Women in entertainment have been underrepresented for far too long, which is a shame since some of them have made such important contributions to the industry. The Musical Mitten, as a show run by two women, has felt this impact in our research as a majority of the artists we turn up are men, and women are shoved to the background.
Again, there is a notable lack of female representation on the music scene.
This year, the University of Southern California published a report entitled “Inclusion in the Recording Studio?” which examines the gender of music creators over the course of nine years. The study assessed the artists behind the top 100 songs of each year from 2012-2020. Nine years and 900 songs later, the authors concluded that only 21.6% of artists in the US singles charts during this time were women. The gap in the behind-the-scenes music roles are even more significant. Only 12.6% of the lead songwriters in the same time period were women, and of the 900 songs studied, 57.3% did not feature a single female writer. Worse yet, only 2.6% of the producers of those songs were women.
It hasn’t helped that a majority of record labels are run by men. Artists may be the face of their music, the ones you see on stage, but labels are the ones that control the content the audience sees. According to the Rolling Stone article, “The Major Record Companies Have a Big Gender Problem – But There are Positive Signs for the Future,” there are thirteen major record label groups in the United States. Only one of these is run by a woman: Sylvia Rhone of Sony’s Epic Records. To combat the lack of female record labels, women like TT the Artist, Suzi Analogue, Hether Fortune, and Gretchen Wilson have founded their own smaller labels. Doing so gives women more control and freedom over their creativity, narratives, and identity.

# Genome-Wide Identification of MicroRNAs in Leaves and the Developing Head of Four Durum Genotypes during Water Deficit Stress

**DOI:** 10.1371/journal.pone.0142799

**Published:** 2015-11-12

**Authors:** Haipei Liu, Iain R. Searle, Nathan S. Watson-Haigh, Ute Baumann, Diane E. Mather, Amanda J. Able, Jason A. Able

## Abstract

A woman’s identity can rely heavily on her appearance. Their bodies have always been a topic of controversy, which only seems to get more intense when they are exposed to the public eye. Women’s bodies are seen as objects to be used for entertainment, not as human beings. Then there is the music industry’s unhealthy obsession with youth. Once women reach a certain age, they face criticism for not looking “perfect”, and fade from the spotlight. After that flawless image is lost, these women will often feel pressured into having procedures like plastic surgery to maintain as much of their youth as possible.
Women like Anita Baker, May Erlewine, Suzi Quatro, and Lizzo are so important to see in the music industry. These women have overcome criticisms, cliches, and expectations, and they come from our home state. They’re not the only ones either. Madonna has spoken out on ageism, and the impact of the women from Motown can still be heard to this day. There is always some positivity to be found in music. In fact, Women in Music is a non-profit organization that works to raise awareness, promote equality, and emphasize the diversity of women within the music industry. They and their volunteers have been for the past few decades to level the playing field in the studio and on stage, not just in Michigan, but all around the world.
Episodes like Run the Radio (Girls) and more can be found on The Musical Mitten's website, https://themusicalmitten.wixsite.com/themusicalmi.